Aaron Glantz and Iraq Veterans Against the War have produced an essential book on the United States’ occupations of Iraq and Afghanistan–so much so that writing a review almost seems superfluous. My first inclination is to simply tell people to just go and get the book–it’s that important.
This past March–in commemoration of the fifth anniversary of the invasion of Iraq–Iraq Veterans Against the War organized a series of hearings in Washington DC on the US occupations of Iraq and Afghanistan. While much of the antiwar movement has remained stagnant and struggles to remain relevant, Iraq Veterans Against the War looked back to one of the pivotal moments of resistance to the Vietnam War, the Winter Soldier hearings. That event exposed the atrocities being committed daily in Vietnam and captured the attention of both the government and the media, thereby contributing to the end of the war.
Unfortunately, the Winter Soldier hearings on Iraq and Afghanistan received next to no media attention. This is despite the fact that they should be seen as every bit as important. In the hearings, active duty soldiers and veterans describe a systematic effort by the US military to dehumanize the Iraqi people while also dehumanizing and neglecting the soldiers that it relies on to support the occupation.
With the media blackout of Winter Soldier, this already important book is made even more so. Winter Soldier: Iraq and Afghanistan: Eyewitness Accounts of the Occupations is the only offline source documenting the historic hearings. The soldiers’ testimony is divided into seven sections–“Rules of Engagement,” “Racism and the Dehumanization of the Enemy,” “Civilian Testimony: The Cost of the War in Iraq,” “Divide and Conquer: Gender and Sexuality in the Military,” “The Crisis in Veterans’ Health Care and the Costs of War at Home,” “Corporate Pillaging and the Breakdown of the Military,” and “The Future of GI Resistance.” All of the sections contain striking testimony, whether it is veterans talking about the military’s racist disdain for Iraqi life or the military’s unwillingness to help veterans once they get home. Its almost hard to write about any of the stories in particular because they all are compelling and powerful, yet we were particularly struck by many of the stories talking about veterans’ health care, especially the suicide of a solider who returned from Iraq and a Veterans Administration that went to great lengths to make sure that he would not receive the mental assistance that he so desperately needed.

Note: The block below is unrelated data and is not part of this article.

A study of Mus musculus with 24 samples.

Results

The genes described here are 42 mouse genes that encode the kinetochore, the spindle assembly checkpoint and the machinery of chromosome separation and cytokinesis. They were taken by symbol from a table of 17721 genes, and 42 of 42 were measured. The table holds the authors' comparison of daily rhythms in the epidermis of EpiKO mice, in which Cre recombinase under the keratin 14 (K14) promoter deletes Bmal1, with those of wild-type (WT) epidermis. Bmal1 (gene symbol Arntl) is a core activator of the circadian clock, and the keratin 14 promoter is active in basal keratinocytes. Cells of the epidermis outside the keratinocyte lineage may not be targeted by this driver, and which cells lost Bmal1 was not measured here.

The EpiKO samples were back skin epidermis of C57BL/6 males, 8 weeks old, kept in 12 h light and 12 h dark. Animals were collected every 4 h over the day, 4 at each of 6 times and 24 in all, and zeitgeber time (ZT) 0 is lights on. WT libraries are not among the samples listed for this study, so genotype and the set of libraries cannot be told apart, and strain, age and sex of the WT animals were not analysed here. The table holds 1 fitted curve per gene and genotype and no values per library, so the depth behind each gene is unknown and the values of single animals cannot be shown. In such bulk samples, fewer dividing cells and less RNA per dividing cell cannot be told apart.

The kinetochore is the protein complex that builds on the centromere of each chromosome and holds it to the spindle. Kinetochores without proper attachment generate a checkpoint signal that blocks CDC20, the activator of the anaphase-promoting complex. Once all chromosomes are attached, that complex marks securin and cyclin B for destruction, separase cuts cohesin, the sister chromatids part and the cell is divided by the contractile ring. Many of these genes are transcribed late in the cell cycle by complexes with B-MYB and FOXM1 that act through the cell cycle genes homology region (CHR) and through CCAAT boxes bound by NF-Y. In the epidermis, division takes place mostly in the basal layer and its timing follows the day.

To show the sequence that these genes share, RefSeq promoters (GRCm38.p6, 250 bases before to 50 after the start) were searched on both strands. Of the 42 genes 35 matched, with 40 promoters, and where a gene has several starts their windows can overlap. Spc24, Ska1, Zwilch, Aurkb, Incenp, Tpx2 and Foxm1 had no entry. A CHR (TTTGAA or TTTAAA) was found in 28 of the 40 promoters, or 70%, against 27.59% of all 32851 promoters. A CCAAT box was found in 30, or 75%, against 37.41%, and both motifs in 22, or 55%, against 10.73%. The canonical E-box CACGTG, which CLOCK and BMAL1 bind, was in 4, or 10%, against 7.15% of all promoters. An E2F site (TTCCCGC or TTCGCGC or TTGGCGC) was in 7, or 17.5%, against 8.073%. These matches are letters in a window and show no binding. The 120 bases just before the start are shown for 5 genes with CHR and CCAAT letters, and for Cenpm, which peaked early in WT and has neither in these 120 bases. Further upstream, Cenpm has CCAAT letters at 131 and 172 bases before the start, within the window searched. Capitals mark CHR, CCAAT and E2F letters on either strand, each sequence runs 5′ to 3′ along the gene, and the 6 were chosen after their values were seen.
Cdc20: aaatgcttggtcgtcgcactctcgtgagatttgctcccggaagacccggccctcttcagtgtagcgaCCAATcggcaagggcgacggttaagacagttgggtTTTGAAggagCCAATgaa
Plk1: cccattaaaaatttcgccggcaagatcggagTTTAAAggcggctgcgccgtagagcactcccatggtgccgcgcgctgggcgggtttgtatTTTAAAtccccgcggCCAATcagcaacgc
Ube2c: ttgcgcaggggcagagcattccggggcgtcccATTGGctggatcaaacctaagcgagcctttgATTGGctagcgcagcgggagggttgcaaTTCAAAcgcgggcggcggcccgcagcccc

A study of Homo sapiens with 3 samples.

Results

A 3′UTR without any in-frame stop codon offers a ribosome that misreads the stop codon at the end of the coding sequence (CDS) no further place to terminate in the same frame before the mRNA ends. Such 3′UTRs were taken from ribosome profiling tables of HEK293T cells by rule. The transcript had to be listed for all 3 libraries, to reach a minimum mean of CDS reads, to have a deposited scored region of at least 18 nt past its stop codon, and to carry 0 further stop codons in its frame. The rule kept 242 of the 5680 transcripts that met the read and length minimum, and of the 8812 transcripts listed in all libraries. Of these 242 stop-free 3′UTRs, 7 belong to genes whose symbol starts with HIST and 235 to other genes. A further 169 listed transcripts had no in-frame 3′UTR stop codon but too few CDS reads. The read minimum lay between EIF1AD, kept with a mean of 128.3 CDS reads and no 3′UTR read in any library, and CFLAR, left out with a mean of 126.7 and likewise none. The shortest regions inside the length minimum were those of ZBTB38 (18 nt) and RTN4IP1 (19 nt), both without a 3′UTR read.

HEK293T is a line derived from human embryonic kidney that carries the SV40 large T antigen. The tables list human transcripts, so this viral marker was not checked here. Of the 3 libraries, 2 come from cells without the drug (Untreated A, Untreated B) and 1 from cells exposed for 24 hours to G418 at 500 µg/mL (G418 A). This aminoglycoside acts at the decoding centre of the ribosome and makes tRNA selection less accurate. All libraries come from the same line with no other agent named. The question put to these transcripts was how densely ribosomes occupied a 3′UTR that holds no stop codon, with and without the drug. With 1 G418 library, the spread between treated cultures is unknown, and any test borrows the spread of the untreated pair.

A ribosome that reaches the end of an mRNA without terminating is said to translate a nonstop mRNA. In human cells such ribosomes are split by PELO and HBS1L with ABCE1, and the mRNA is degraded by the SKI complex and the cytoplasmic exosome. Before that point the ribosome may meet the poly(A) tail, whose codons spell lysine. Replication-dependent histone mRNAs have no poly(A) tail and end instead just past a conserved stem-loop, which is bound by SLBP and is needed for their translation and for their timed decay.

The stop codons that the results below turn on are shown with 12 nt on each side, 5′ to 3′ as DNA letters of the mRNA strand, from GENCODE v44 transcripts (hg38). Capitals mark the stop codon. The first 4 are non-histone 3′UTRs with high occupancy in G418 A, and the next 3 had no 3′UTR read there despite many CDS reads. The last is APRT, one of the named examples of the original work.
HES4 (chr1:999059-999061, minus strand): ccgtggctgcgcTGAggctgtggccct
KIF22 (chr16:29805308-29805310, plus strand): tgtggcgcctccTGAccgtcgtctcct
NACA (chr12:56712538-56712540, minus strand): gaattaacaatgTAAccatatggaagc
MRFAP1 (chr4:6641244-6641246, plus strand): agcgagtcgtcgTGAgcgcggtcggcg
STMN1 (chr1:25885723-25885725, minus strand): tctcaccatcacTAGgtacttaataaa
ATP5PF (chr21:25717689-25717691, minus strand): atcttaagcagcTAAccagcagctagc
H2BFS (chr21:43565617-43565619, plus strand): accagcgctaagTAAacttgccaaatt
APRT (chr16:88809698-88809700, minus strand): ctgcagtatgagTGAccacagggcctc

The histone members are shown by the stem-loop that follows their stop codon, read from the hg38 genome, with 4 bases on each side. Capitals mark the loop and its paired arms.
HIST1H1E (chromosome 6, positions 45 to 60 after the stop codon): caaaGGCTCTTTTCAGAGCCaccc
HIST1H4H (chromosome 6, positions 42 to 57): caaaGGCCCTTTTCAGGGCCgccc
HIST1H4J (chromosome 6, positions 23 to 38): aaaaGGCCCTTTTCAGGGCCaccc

Winter Soldier is essential reading for anyone who is interested in what is truly happening in Iraq as well as those who are looking for more effective ways of organizing to stop the war. It joins books such as Dahr Jamail’s Beyond the Green Zone and Riverbend’s Baghdad Burning in giving a critical glimpse into what is happening on the ground in Iraq. Moreover, with the change in the presidential administration–and the likely debate (however minimal) over what to do about Iraq–we would do well to consider what some in the military are demanding:
An immediate, unconditional withdrawal of all occupying forces from Iraq;
Health care and other benefits for all veterans and service members;
Reparations to the Iraqi people.
We owe it to those who have risked their lives in Iraq and the Iraqi people to consider what those who have served are saying. They have lived–and continue to live with–the horrors of these occupations.
Aaron Glantz and Iraq Veterans Against the War, Winter Soldier: Iraq and Afghanistan: Eyewitness Accounts of the Occupations, (Haymarket, 2008).